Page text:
One of the challenges with listing “swashbuckler films” is that they form a wide genre that defies easy categorization. Yes, a swashbuckling picture must be adventurous in spirit and include some swordplay. However, that definition cuts a wide swath, so one could include tales of knighthood, pirates, samurai, surf-and-sandal epics, and Vikings. To keep my list size to a scant five (that’s the “5 Best” rule!), I omitted the latter three groups and focused on classic films from the sound era only. I expect some disagreements (principally from Douglas Fairbanks fans and those bemoaning the inclusion of only two Flynn flicks…yes, his films could have dominated the list). But, hey, disagreements generate discussion and that’s a part of loving movies, right?
1. The Adventures of Robin Hood (1938)
One of the greatest films of all time with one of the greatest casts ever assembled. It has action, humor, romance, and a marvelous hissable villain in Basil Rathbone. Errol Flynn was never more dashing and Olivia de Havilland is the consummate screen heroine. The climatic swordfight is so entertaining that I missed the continuity glitch for many years (watch Basil’s sword magically move between shots). It is, quite simply, the ultimate swashbuckling film.
2. Scaramouche (1952)
Stewart Granger is marvelous in a role that Errol Flynn would have played ten years earlier. Janet Leigh, who has never looked lovelier, exudes charming innocence and Eleanor Parker gives a delightful performance as the fiery red-headed Lenore. She and Granger have a natural chemistry that makes their scenes together sparkle. The famous MGM production values are very much on display; the colors are vivid, the costumes ornate, and the set design impeccable. You’ll swear that the thrilling climactic swordfight (maybe the longest in film history at 5:35 minutes…and my personal favorite) was filmed in a real Parisian theatre draped in gold, red, and white.
3. The Court Jester (1956)
Yes, it’s a comedy, but it’s such a spot-on spoof of swashbuckling films that I think it qualifies as one itself. In a rare role worthy of his talents, Danny Kaye gets to sing, dance, use funny voices, contort his expressive face, and excel at physical comedy (such as walking in magnetized armor).The Court Jester also includes Danny’s most famous routine—the one that involves the pellet with the poison in the chalice from the palace, the vessel with the pestle with the brew that is true, and (finally) the flagon with the picture of a dragon (which is used for the brew that is true after the vessel with the pestle is broken). And did I mention that Danny and Basil Rathbone engage in the funniest sword duel in the history of cinema?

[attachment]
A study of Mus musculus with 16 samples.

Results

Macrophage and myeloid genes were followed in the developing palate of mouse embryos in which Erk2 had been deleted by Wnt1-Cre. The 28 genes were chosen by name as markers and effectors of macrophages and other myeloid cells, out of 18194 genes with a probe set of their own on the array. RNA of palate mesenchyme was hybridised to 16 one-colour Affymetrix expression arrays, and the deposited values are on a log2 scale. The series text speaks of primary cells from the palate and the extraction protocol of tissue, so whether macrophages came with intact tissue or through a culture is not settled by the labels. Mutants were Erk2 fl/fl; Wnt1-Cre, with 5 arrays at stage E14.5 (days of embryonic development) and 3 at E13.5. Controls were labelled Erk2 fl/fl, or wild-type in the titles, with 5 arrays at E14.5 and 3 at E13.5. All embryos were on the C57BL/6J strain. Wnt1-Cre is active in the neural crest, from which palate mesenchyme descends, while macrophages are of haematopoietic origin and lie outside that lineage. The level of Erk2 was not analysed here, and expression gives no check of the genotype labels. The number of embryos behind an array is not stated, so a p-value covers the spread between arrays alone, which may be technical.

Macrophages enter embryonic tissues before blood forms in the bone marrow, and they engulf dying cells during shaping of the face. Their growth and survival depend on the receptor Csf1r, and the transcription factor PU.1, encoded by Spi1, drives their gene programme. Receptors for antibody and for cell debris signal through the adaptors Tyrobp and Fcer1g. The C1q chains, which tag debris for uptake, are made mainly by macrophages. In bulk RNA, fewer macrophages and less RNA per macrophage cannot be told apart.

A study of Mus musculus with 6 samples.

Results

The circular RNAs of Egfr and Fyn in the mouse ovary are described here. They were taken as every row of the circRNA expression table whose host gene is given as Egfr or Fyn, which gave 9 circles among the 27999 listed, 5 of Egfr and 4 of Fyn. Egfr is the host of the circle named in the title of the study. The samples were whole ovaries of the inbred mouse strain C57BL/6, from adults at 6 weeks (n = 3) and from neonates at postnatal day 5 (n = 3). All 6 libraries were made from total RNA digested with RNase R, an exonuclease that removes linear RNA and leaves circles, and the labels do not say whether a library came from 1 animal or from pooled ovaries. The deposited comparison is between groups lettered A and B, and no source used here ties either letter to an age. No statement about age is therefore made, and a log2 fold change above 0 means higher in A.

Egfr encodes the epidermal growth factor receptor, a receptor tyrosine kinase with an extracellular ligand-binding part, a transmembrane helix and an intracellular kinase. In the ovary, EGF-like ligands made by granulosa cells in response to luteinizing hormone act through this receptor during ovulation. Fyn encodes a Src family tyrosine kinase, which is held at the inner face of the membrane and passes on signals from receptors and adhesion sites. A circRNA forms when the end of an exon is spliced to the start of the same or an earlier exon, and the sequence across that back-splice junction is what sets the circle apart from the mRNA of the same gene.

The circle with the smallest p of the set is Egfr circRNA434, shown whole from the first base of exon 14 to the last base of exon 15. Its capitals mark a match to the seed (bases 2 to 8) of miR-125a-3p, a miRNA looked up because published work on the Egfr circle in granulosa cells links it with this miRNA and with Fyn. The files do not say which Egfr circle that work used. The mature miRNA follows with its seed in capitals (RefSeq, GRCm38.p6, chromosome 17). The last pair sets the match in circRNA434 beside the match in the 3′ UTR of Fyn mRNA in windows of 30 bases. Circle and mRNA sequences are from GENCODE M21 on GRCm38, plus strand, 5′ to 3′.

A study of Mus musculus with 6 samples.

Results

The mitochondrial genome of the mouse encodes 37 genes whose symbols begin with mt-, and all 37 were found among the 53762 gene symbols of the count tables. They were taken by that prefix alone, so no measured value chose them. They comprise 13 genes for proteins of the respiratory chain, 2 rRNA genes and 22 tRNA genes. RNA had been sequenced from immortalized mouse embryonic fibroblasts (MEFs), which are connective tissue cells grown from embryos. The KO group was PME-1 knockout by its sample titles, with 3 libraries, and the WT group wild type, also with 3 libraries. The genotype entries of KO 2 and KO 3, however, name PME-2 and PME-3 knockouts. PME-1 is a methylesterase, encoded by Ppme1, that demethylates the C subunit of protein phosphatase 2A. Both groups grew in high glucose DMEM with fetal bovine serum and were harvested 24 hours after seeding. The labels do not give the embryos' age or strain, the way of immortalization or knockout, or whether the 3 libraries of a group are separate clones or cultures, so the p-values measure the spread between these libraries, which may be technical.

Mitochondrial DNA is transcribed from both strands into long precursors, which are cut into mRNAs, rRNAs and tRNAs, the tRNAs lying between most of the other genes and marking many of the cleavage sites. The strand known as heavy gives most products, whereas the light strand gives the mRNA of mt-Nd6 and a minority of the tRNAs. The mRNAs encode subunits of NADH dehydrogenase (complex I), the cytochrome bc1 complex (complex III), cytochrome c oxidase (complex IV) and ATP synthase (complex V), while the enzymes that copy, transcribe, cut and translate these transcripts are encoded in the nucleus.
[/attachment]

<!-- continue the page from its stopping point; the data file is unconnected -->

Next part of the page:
4. The Mark of Zorro (1940)
I’ll probably get in trouble for listing the Tyrone Power version and not addressing Douglas Fairbanks (but I am consistent with my rules). Taking a page from Leslie Howard’s acting class, Tyrone does a fine job of playing the fop who is a fine fencer. His close quarters swordfight with Basil Rathbone (there seems to be a trend with him) is one of the more realistic duels—and it’s an entertaining one, too.
5. The Sea Hawk (1940)
There’s little similarity with Rafael Sabatini’s novel–and it should have been shot in color (by this point, Jack Warner thought Flynn was too big a draw to waste money on color). Still, The Sea Hawk is a first-rate swashbucker with Errol in top form as an English privateer who plunders Spanish ships while Queen Elizabeth looks the other way. The Sea Hawk reunites much of the Robin Hood team, including director Michael Curtiz, composer Erich Wolfgang Korngold, and performers Claude Rains, Alan Hale, and Una O’Connor. Errol’s big swordfight with baddie Henry Daniell even recalls Robin Hood, right down to Curtiz’s marvelous use of shadows.
What’s your favorite swashbuckler film? Let us know in the comments!